Last week, I described the importance of employee morale, and how simple tasks like thanking, rewarding and sharing with your staff can go a long way.
This week, I round out my top 10 list with five more ways you can start boosting employee morale, which in turn will increase their productivity, with great potential outcomes for your company.
6. Show them. This goes along with sharing, but now we get quantitative. Showing performance data to employees at all levels is amazingly powerful. It taps into each employee’s competitive side, whether that means out-achieving one’s rivals or oneself. Just seeing the data lets employees connect their actions with the organization’s output, and that’s good for morale. Even when the overall picture is bad, there’s always good news somewhere. Find it and draw attention to it.
7. Listen to them. The knowledge and expertise that resides within the minds of your workforce is an underutilized resource. Any one of your subordinates chosen at random could tell you something important you don’t know. As a group, their expertise dwarfs yours. Ask lots of questions, listen to what they have to say, and show them that you value (and act on!) their opinions.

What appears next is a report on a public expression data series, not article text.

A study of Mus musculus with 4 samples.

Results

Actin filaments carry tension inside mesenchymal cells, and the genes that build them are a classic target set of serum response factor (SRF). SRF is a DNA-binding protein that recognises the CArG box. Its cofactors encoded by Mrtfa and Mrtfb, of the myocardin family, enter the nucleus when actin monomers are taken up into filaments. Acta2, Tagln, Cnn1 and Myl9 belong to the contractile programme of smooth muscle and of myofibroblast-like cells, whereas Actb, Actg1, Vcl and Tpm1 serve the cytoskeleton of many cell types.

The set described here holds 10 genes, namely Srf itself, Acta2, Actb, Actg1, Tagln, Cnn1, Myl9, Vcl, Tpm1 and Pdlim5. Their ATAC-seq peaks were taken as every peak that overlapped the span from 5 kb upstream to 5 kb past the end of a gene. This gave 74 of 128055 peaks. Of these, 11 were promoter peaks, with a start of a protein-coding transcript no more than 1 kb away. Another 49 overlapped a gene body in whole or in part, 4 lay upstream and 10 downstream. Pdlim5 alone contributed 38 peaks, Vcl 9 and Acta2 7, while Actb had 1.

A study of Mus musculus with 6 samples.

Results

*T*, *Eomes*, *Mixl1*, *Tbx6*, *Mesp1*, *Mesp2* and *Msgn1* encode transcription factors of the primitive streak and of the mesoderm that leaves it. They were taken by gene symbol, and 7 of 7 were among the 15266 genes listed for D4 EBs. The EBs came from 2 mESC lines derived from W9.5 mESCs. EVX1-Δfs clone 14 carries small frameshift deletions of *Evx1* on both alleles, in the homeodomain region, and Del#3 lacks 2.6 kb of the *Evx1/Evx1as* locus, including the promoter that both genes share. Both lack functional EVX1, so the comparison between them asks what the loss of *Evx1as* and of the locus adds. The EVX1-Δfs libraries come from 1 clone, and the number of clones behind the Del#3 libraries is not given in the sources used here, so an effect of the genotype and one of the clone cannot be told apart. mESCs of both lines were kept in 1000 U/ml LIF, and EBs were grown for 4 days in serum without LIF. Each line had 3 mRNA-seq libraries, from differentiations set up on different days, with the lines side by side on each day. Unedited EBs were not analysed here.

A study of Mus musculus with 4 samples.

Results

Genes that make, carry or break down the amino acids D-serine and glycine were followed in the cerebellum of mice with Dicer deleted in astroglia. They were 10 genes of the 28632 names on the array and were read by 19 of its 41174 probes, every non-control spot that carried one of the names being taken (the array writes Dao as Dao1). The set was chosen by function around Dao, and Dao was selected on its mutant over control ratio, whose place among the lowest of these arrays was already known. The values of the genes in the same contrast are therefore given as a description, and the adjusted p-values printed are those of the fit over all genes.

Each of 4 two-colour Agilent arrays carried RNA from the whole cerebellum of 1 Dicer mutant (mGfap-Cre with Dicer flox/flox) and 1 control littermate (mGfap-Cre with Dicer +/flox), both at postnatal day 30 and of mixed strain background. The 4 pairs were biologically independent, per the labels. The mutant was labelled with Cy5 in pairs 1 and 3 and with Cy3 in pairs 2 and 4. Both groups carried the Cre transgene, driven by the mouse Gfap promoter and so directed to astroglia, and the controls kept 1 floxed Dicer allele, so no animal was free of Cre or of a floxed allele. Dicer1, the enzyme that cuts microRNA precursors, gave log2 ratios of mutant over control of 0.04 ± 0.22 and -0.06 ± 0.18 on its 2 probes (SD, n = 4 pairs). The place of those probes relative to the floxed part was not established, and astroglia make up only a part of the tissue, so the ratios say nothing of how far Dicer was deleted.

8. Unleash them. People do their best work when they’re given a goal and let off the leash to accomplish it their own way. Don’t dictate how things should be done; just communicate the end result you’re looking for and let them run. Individuals vary so much, it’s always better to let people apply the work behaviours they have found to work for them rather than dictating how things should be done. Remember that they won’t trust you unless you trust them first.
9. Join them. Show some team spirit yourself by getting involved. If all hands are on deck dealing with an urgent challenge, you should be there. This has to be done sparingly or you risk neglecting your other responsibilities or being perceived as having to throw your two cents into every issue. But a leader should be seen to be leading from the front. You can’t spend too much time there, but be sure to get into the trenches from time to time to show you’re still in touch.
10. Develop them. Virtually every manager knows they have a responsibility to “develop” the people they manage, but many don’t know what it really means. It doesn’t mean you need to help them fix their weaknesses or get promoted, though that’s usually how it’s interpreted. The better route is to help employees find out what they’re really good at, what they really like, and where they belong. This is a long road, but there are quick wins to be had. Help each individual find ways to do more of the things they’re good at and less of the other stuff and you’ll have higher morale and a more engaged workforce.
Jay Lebo is one of the founders of Gravitas Business Architects, and has been helping companies multiply growth and outperform the competition for more than a decade.